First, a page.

Monday, November 26, 2012

Contemplating Josh Roenicke

The Twins come out of the Thanksgiving weekend having accomplished little of their offseason shopping -- which is hardly unusual or worrisome. (It is quite unlikely that the status will remain quo coming out of the Christmas/New Years period; if it is, that will be worrisome.)

One move they have made, which flew rather under the radar, was the waiver-wire pickup earlier this month of Josh Roenicke, a move which seems increasingly curious to me.

Roenicke comes to the Twins off a 2012 season with two significant positives, at least on the surface:

  • He led the major leagues in relief innings (88.2);
  • He had an ERA of 3.25, which is even more impressive given that he was pitching his home games in Coors Field.

I speculated at the time that the Rockies waived Roenicke rather than pay him at the arbitration rate after this breakout season, but he's not arbitration eligible. He's 30, he's out of options, but he's still cheap.

So why did the Rox dump him? For that matter, why did everybody in the National League pass on him when he was waived? And how does he fit into the Twins scheme?

It's probably fair to say that the Rockies (and the rest of the National League) doubt that the ERA is an accurate assessment of Roenicke's talent and skill. He had a poor strikeout to walk rate and a below-average strikeout rate; those are better predictors of future ERAs than ERA itself.

Then there's the Coors Field problem. There's only one thing more difficult than having a good year pitching for the Rockies, and that's having a second. Pick through the two decades or so of the Colorado franchise's records, and you'll find that their few effective pitchers had very short runs of effectiveness, frequently due to injury.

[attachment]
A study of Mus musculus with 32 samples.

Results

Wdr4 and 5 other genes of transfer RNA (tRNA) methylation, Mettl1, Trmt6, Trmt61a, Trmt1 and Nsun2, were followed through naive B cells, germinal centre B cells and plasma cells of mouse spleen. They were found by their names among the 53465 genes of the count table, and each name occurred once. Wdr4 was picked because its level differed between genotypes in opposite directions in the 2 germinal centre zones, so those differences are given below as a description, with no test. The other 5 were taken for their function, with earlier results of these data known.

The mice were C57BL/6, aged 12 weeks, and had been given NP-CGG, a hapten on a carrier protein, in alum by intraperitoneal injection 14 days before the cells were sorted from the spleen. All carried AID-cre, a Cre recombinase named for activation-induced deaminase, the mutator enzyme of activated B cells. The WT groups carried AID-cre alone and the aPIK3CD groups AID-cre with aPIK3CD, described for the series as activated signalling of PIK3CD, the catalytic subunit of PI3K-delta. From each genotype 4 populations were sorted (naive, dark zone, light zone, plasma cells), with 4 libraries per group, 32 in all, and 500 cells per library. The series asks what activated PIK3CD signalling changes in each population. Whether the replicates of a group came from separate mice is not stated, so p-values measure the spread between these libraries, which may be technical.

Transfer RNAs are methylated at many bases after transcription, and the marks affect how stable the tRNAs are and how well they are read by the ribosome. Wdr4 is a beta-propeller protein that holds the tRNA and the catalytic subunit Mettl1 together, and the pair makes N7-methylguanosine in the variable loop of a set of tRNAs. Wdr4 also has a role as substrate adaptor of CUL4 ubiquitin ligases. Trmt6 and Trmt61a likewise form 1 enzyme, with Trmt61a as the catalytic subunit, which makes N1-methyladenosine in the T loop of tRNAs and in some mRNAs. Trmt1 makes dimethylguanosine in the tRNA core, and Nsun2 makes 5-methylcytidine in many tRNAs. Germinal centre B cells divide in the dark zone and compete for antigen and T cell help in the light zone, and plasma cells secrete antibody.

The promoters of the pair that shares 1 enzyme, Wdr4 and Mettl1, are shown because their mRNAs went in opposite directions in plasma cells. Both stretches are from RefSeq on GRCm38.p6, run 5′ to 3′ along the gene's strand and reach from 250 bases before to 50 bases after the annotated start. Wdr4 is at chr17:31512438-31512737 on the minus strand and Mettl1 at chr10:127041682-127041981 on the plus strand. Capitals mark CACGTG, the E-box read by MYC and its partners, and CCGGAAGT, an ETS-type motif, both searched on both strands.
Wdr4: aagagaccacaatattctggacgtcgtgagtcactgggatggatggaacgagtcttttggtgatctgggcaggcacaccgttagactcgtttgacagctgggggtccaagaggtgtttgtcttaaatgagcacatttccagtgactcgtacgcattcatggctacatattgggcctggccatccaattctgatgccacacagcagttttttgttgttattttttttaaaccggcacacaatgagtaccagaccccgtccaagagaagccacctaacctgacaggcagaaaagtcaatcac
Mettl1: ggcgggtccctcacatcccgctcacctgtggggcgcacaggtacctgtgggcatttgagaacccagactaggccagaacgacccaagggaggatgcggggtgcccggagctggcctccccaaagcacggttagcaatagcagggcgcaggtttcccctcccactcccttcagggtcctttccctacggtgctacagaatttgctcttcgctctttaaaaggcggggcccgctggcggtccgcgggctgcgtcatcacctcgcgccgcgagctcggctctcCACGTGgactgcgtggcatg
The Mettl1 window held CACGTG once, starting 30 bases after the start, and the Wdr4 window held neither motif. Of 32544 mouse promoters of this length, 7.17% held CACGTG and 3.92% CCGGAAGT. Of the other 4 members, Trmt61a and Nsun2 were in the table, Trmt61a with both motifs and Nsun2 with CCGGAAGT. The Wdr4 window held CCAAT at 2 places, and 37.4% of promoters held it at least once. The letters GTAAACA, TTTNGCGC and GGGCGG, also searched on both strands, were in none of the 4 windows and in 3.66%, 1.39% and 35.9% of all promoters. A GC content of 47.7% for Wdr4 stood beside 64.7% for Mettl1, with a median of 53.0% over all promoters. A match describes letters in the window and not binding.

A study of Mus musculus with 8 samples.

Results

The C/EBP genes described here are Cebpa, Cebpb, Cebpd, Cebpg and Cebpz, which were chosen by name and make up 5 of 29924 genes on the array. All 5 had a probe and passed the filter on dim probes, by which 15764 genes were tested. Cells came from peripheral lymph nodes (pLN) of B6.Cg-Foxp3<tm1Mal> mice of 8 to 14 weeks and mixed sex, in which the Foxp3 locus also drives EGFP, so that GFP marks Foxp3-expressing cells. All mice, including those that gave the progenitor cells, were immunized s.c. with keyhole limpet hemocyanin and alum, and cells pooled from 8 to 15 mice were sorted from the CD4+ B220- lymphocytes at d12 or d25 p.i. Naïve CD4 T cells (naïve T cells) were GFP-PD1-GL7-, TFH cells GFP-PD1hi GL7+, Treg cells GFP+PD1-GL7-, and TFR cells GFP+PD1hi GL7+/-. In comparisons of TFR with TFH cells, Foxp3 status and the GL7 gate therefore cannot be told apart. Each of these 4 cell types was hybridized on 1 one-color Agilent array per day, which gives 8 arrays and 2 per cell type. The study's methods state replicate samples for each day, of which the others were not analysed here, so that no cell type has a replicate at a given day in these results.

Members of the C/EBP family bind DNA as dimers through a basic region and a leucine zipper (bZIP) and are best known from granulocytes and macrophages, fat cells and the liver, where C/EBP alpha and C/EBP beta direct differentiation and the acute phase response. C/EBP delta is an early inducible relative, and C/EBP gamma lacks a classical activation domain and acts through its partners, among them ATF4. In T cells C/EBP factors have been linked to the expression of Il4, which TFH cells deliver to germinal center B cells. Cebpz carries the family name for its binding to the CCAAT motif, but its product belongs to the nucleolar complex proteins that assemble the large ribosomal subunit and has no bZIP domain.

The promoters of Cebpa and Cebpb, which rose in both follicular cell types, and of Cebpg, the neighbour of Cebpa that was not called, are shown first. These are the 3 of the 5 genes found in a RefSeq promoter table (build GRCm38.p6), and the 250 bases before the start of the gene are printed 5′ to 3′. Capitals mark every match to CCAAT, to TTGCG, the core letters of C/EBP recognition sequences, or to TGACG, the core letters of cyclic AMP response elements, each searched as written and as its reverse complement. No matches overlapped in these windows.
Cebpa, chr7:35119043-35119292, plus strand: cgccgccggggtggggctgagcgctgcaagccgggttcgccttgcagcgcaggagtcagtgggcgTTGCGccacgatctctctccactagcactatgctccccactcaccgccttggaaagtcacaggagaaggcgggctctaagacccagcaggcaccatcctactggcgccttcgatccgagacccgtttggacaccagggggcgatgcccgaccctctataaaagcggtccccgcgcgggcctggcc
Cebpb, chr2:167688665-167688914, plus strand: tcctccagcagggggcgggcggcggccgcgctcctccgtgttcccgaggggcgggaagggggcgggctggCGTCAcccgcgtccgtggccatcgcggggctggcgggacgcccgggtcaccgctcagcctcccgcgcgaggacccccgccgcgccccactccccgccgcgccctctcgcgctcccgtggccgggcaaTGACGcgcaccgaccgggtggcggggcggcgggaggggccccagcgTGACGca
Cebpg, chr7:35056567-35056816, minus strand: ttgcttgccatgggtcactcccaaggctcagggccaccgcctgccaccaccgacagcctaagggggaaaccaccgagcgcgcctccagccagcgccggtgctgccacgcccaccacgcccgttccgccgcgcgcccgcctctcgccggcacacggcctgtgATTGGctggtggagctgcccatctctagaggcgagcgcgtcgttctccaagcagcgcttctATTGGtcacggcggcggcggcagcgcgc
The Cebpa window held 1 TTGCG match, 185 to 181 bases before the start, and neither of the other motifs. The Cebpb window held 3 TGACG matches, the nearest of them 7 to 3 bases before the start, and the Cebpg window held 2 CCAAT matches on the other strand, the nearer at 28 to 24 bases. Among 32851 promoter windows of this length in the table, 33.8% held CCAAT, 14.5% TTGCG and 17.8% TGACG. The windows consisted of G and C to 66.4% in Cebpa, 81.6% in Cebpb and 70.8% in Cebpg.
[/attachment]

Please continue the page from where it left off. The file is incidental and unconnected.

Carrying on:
I think the issue of recovery time in the lower-oxygen environment of Denver is part of the problem. To pitch in the major leagues is to damage the arm; to pitch at altitude is to damage the arm with less ability to recover. Eighty-eight innings of relief, as pitchers are used nowadays, is a lot; only five pitchers in the majors threw 80 relief innings last season.

The Rockies may well have figured of Roenicke: He's not as good as his ERA, and he's a good candidate to break down; let's not count on him for 2013. So they waived him to create space on their 40-man roster, and when the Twins claimed him, they figured they weren't losing much.

As for all those innings: Two of the five 80-inning relievers were Rockies, and a third Colorado bullpenner had 79. This stems from an experiment the Rox tried last summer: A four-man starting rotation with a low pitch count limit (75). Roenicke was one of three "piggyback" relievers used to get through the middle innings. This makes Roenicke's workload appear a bit less impressive -- he wasn't pitching so many innings because he was so effective, he was pitching them because it was his turn.

Which brings us to the question of how he fits in the Twins bullpen, which is run more conventionally than Colorado's was last year. Assuming everybody's healthy and at 2012 effectiveness -- never a particularly likely assumption with relief arms, but we have to start somewhere -- Roenicke has to rank under Jared Burton and Casey Fien in the pecking order of right-handed relievers. He's competing for a a role with the likes of Alex Burnett (who also had an ERA that was better than his walk and strikeout rates should support); fellow newcomer Tim Wood; and long man Anthony Swarzak. Odds are that of those six, at least one will have some sort of injury issue this spring.

Roenicke might also be seen as an alternative to LOOGY candidates Tyler Robertson and Caleb Thielbar. Roenicke was notably more effective against lefties than righties in 2012; one should be wary of assigning significance to one season of platoon splits for a reliever, but if he actually does have a pitch that gives lefties fits, all the better.